MARKET REVIEW - January 1st, 2024

MARKET REVIEW - January 1st, 2024

We close the door on 2023 last week, a year to which lenders, homeowners, Realtors® and potential buyers will likely bid "good riddance." Although they have declined meaningfully at the tail end of it, average mortgage rates still remain well above their best levels of 2023, not that those levels were all that great. However, the retreat for mortgage rates from about 22-year highs does at least provide some optimism as we move into the new year.

Although you might not think so, at least some typical patterns were seen over the last 12 months. Once the Fed lifted short-term rates to 22-year highs in July, mortgage and other long-term interest rates kicked higher on a "higher for longer" message from the central bank. However, as often seems the case, investors pushed market-based interest rates to a place where, given economic fundamentals, they likely overshot where they should have been; now, at least part of the recent decline in rates is likely from a rush of investors to the other side of the see-saw. This is a regular occurrence in bond markets, and so pretty typical happenstance.

With mortgage rates down a considerable amount, we'll expect to see at least some pick up in existing home sales before long. That said, not just yet, as the number of folks signing contracts to purchase existing homes in November remained at the same low level as was seen in October. The National Association of Realtors Pending Home Sales Index remained at a 71.6 value for a second consecutive month, but that's not surprising, as mortgage rates started November at 22-year highs. Although mortgage rates were lower at the end of the month, the kick off of the holiday season tends to put potential homebuyers on the sidelines. even in years where there are more homes available to buy and at lower prices, too. The flat reading for the PHSI for November suggests little improvement for existing home sales for December and may also exert a little drag on January closings.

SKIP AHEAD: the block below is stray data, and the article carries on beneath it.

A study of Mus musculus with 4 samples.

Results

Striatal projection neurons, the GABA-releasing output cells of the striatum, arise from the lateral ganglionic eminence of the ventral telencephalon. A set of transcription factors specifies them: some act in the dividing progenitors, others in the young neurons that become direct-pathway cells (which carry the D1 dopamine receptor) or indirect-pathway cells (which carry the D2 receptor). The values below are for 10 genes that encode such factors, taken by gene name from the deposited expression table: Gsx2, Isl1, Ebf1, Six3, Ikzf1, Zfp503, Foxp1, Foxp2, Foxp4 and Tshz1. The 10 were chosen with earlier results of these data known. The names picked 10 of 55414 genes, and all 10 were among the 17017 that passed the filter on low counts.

It might be hard to find anyone in or around the mortgage and housing business who will lament the passing of 2023 into history, and that of course includes potential homebuyers and sellers. Outside of brief periods of what might pass for normal conditions -- mostly in the time between perhaps 2016 and 2019 -- distortions have been the order of business in the housing market now since the housing crash and Great Recession. As the calendar turns, we can hope that we are at the beginning of a trend back toward normal again, but this may be a bit of a protracted process, much as it was coming out of the last rough patch.

As is typically the case this time of year, financial markets have been mostly quiet, what with holidays and such, and next week is another holiday-shortened affair. However, it's not devoid of important data, as it will bring wide-ranging, first-week-of-the-month reviews of the labor market (JOLTS, initial claims, the employment situation) and ISM coverage of both manufacturing and service-side business conditions. There was little reason to expect any huge change in mortgage rates over the last few days; that said, the first full business week of the new year (and beginning of a new quarter) has often seen a shift in the holiday pattern for interest rates, for better or worse. In the interim, mortgage rates are likely still have a slight downward bias, perhaps enough to produce a decline of a few basis points off the average offered rate for a conforming 30-year FRM as reported by Freddie Mac.